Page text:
Whereas flash might be allowed for basketball, it will NEVER be okay for fencing. You’ve got two combatants trying to stab each other with swords. Anything you do that can possibly affect the vision of either fencer–even if just for a moment–can also affect the outcome of the match, and possibly result in injury. Open up your aperture, dial down your shutter speed a bit, crank up your ISO. Rapid-fire mode may not be such a bad idea here, because a certain number of blurry photos are to be expected.
I love the game of volleyball, but I absolutely hate shooting it. The unpredictability of bump, set, and spike can be maddening. Anticipating where the ball is going is perhaps more difficult in volleyball than any other sport. Again, flash may or may not be your friend when photographing this sport. Make sure to talk with the referee before the match begins. In volleyball, there is one referee at the net. Most will allow you to use flash, as long as you are not shooting towards them. That means shooting from the same side as the ref. You’ll most likely have spectators behind you, so try to stay low and be respectful.
Just like fencing, flash will never be allowed when photographing gymnastics or competitive cheerleading. Both are a photographic challenge, requiring you to capture very fast action in very low light. Most professionals like to shoot these events at 1/1000 with very high ISO. Being able to anticipate the action is possibly more important in gymnastics than almost any other sport. Gymnastics moves so fast that if you see it in the viewfinder, chances are you’ve already missed the shot. Watch them warm up. Getting familiar with a routine during practice will help you know what to look for when it’s real.
For swimming, flash is generally allowed, but never on the start. When officials need to signal a false start, swimmers see a flashing light at the end of the pool. Hitting them with flash before they even hit the water can confuse them into thinking a false start has been signaled when it hasn’t. There is no do-over if they mistakenly think it’s a false-start and stop swimming. They are out of the race and it’s your fault. Also, get there early. At least one hour. This is absolutely crucial for swimming events. Your camera is going to have to adapt to the humid conditions. Getting there in enough time for your gear to acclimate will keep your lenses from fogging up.
I love shooting wrestling. Love it. For starters, I’m off my feet, getting my best shots either sitting or lying down on the mat. Many wrestling meets involve a dozen or more teams, with several matches going on simultaneously. If you’re lucky, you can find a spot on the mats with four matches going on around you at the same time. When one bout slows down or ends, simply rotate around to another. The key here is speed and efficiency. Bouts can go for several minutes, or they can be over in the blink of an eye. Flash is generally allowed at the high school level, but a newer model camera with high ISO, combined with some fast lenses, can mean great captures without the use of flash. Experiment and see what works best for you.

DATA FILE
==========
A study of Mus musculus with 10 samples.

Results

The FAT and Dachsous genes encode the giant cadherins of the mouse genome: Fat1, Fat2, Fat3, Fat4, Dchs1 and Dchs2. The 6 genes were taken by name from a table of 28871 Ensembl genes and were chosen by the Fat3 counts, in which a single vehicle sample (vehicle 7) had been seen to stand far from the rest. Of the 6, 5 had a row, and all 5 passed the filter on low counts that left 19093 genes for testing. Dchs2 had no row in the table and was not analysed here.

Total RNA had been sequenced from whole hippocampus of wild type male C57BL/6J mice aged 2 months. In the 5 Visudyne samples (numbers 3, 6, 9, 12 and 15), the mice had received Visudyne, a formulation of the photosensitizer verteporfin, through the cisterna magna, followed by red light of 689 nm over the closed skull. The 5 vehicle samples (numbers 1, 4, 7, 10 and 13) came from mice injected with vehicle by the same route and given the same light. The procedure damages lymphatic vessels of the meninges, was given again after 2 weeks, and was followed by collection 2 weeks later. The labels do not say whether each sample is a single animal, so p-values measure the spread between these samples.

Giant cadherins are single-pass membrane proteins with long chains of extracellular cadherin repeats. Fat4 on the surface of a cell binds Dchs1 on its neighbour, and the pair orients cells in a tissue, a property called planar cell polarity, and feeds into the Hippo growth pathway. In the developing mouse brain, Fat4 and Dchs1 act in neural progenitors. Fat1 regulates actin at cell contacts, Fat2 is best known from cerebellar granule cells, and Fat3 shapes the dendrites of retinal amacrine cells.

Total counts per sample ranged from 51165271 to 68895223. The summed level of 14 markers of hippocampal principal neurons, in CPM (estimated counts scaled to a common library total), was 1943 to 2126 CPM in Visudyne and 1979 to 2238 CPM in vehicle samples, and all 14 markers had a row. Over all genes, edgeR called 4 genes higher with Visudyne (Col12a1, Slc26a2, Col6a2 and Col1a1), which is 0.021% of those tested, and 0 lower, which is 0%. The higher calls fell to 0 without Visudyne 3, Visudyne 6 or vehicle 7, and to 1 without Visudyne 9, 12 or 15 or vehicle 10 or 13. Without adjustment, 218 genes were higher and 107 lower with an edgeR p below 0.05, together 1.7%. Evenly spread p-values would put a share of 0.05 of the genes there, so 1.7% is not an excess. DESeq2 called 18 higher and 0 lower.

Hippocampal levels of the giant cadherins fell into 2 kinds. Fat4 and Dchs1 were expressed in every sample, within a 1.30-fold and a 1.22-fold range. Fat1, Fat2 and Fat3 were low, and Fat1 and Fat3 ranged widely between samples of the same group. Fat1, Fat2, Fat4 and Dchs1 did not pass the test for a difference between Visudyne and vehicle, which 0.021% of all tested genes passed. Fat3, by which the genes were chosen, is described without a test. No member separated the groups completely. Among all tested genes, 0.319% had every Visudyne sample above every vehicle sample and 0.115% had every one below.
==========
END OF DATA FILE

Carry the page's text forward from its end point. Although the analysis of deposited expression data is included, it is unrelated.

Similar concerns to fencing, but this time it’s much more up close and personal. Flash is definitely not allowed, but the good news is that the lighting at these events is usually really good. Pay attention to where the light falls on the ring and play to those angles for dramatic results. You are going to be fairly restricted in terms of where you can stand, because fighters take up two corners and judges are situated on all four sides of the ring. You’re shooting up, between ropes, at in-your-face action. Stick to a standard zoom like the 24-70mm or a wide-angle 16-35mm. This is one of those rare sporting events where the 70-200mm is not your friend.
Shooting indoor sports is tough. If it was up to me, all sports would be played outside under optimal, natural lighting conditions. Hey, a guy can dream, right? Don’t let the challenges or stumbling blocks get you down. With practice, preparation, and the right gear, you’ll see the quality of of your images improve dramatically.
Do you have a good tip for shooting indoor sports? Share it with us in the comments.
For additional reading, one of the best books ever written on the subject of sports photography is “Peter Read Miller On Sports Photography.” Miller has been photographing the NFL, the Olympics, and portraits for “Sports Illustrated” for almost 40 years. He has over 100 S.I. covers to his credit, as well as 35 Super Bowls, 9 Olympic Games, and countless other sporting events around the world. You can check out my review of the book, as well as my conversation with Peter, by clicking here. The book is available on Amazon.com.